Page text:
Rock 2nd & PCH is the limited three-part October concert series on Seaport Way that all live music lovers can enjoy. The event takes place on Thursdays from 6:30 p.m. to 8 p.m. surrounded by a diverse number of shops, dining options, and a dance floor where tribute bands play for an excited crowd.
During this series, 2nd & PCH general manager Samantha Lopez says that a Bruno Mars cover band will play on Oct. 13, followed by a Journey cover band on the Oct. 27. The first event on Oct. 6 featured the “Fleetwood Mac with a twist” group called Twisted Gypsy.
Beginning around 2016, the band’s main manager and producer Billy Derian had the idea to create a Fleetwood Mac-inspired band. Many people have come and gone throughout the band’s time together, but six members have stuck it out and created what they think is the “most potent lineup” of the band’s history. Unfortunately, member Erik Szabo, AKA John Mcvie, was ill during the performance and couldn’t participate. The bandmates, however, went on with the show.
Niki Bente portrayed Stevie Nicks, who she described as her, “All-time favorite person.”
She has over ten years of cover band experience as Stevie Nicks and jumped at the opportunity to be Twisted Gypsy’s lead voice. She said that marketing the band as a twist is extremely beneficial. She gets to add in her own personality to the traditional songs that fans know and love.
Melia Scaletty is the Christine Mcvie of Twisted Gypsy. Born in Kansas City, MO, she began experimenting with music at the age of six. She is inspired by Lady Gaga and Elton John, among other artists who can “shred keys.” Her background is in the jazz genre. She studied at Berklee College of Music and the American Musical and Dramatic Academy in Los Angeles and New York, all while she taught children’s piano and voice.
Tim Gilmer has had multiple roles in the band. When he first joined in 2018, he was John Mcvie; however, he’s now the band’s Lindsey Buckingham. The most-experienced performer, Gilmer performed on Sunset Strip in the ’80s and ’90s in multiple bands such as Steel Wolf and Burning Bridges. Despite his previous involvement with music, he says that he was “panicked” when actually playing as Buckingham. Gilmer has a before-stage ritual of anxiously pacing throughout a room before a show begins. He jokingly added that “getting together with Stevie” makes it all alright.
Aaron Kusterer is the band’s lead guitarist, music director, and tour manager. He is a Long Beach local, previously in the Air Force for 15 years. Afterwards, he had the desire to expand his audience to the civilian world.
Kusterer said, “Seeing the audience reaction is a lot of fun. Outside of working with the band, the crowd reaction is my favorite thing.”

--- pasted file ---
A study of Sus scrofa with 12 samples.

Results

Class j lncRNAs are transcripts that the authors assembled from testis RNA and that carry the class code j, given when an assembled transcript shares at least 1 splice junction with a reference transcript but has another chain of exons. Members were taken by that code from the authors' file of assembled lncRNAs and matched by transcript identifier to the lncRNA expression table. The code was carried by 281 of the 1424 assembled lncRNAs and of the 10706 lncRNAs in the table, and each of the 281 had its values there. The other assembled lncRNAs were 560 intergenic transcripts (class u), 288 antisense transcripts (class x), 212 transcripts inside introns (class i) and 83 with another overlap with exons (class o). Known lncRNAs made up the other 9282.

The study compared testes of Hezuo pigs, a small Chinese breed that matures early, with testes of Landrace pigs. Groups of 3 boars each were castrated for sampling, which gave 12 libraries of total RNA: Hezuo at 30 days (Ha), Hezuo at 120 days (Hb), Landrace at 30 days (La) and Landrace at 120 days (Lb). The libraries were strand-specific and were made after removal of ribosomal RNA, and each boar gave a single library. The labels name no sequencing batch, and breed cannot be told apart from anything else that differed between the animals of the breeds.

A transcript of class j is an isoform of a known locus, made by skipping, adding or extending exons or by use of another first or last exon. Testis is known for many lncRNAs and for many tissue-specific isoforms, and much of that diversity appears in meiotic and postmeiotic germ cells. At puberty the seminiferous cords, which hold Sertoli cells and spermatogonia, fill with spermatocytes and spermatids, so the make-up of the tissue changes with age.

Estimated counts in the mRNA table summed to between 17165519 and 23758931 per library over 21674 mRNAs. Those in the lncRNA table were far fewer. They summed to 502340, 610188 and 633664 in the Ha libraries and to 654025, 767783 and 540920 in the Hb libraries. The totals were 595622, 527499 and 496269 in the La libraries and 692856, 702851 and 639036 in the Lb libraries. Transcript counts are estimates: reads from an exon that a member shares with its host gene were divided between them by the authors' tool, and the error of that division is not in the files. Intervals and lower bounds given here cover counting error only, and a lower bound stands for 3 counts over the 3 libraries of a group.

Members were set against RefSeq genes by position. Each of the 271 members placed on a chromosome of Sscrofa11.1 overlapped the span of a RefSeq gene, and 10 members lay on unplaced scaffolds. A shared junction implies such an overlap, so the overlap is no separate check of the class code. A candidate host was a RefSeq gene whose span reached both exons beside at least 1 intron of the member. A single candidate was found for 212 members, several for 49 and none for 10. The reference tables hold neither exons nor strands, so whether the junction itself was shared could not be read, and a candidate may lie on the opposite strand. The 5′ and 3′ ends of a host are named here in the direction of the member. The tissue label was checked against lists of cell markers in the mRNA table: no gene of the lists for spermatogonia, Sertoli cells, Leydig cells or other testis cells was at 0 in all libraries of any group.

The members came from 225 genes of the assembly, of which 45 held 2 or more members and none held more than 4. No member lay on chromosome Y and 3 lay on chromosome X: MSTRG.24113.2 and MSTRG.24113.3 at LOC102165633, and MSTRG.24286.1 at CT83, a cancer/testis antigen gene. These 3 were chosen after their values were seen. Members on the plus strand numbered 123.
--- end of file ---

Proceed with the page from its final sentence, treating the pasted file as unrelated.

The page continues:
Milo Todesco is Twisted Gypsy’s longest-standing member as Mick Fleetwood, the drummer. From Simi Valley, CA, Todesco said that he was interested in music since childhood. He often faced parental pressure to do something in the sports realm; however, music wouldn’t stop calling his name. He has worked with musicians like Slash, Morrissey, Blink 182, and Foo Fighters. Todesco said being in Twisted Gypsy was something he dreamed of doing.
“People know the music and come to see us. I know we’re doing characters and emulating their music, but this is a wonderful, joyful band to be in,” Todesco said.
Together, the band traveled across America to perform on different stages as well as shows like Good Morning San Diego. Bente said that each concert is so unique and special with different crowds. The performances that stood out to them were both the Orange County Fair and Pala Casino, where Stevie Nicks has also played. Fleetwood Mac created an unbreakable bond between the six.
Scaletty said that no matter how many fights they got in, if they hated each other, they still came together for the music and celebrated with their audience.
“That’s what we want to do,” Kusterer added.
Fleetwood Mac’s influence has spread throughout multiple generations. The band became important to fans of all ages who came to hear songs that are special to them in individual ways.
Twisted Gypsy hopes that the effect that Fleetwood Mac had on them can also inspire students to go after their own dreams of being a musician. People will often try to claim that someone can’t succeed in a path like theirs. But they prove them wrong by staying organized, practicing, learning, and staying versatile.
“Find artists you think are better than you, they will be the ones who push you,” Bente said.
Todesco said that he still records the band’s concerts so they can review and alter what needs to be fixed, acknowledging that there is always room for growth.
Scaletty and Kusterer both teach music and encourage their own students to mess up. Gilmer’s own experience with stage fright has helped him realize that even when afraid, you keep going. The band believes expecting instant gratification isn’t realistic; you have to be ready to figure out what makes you an individual artist.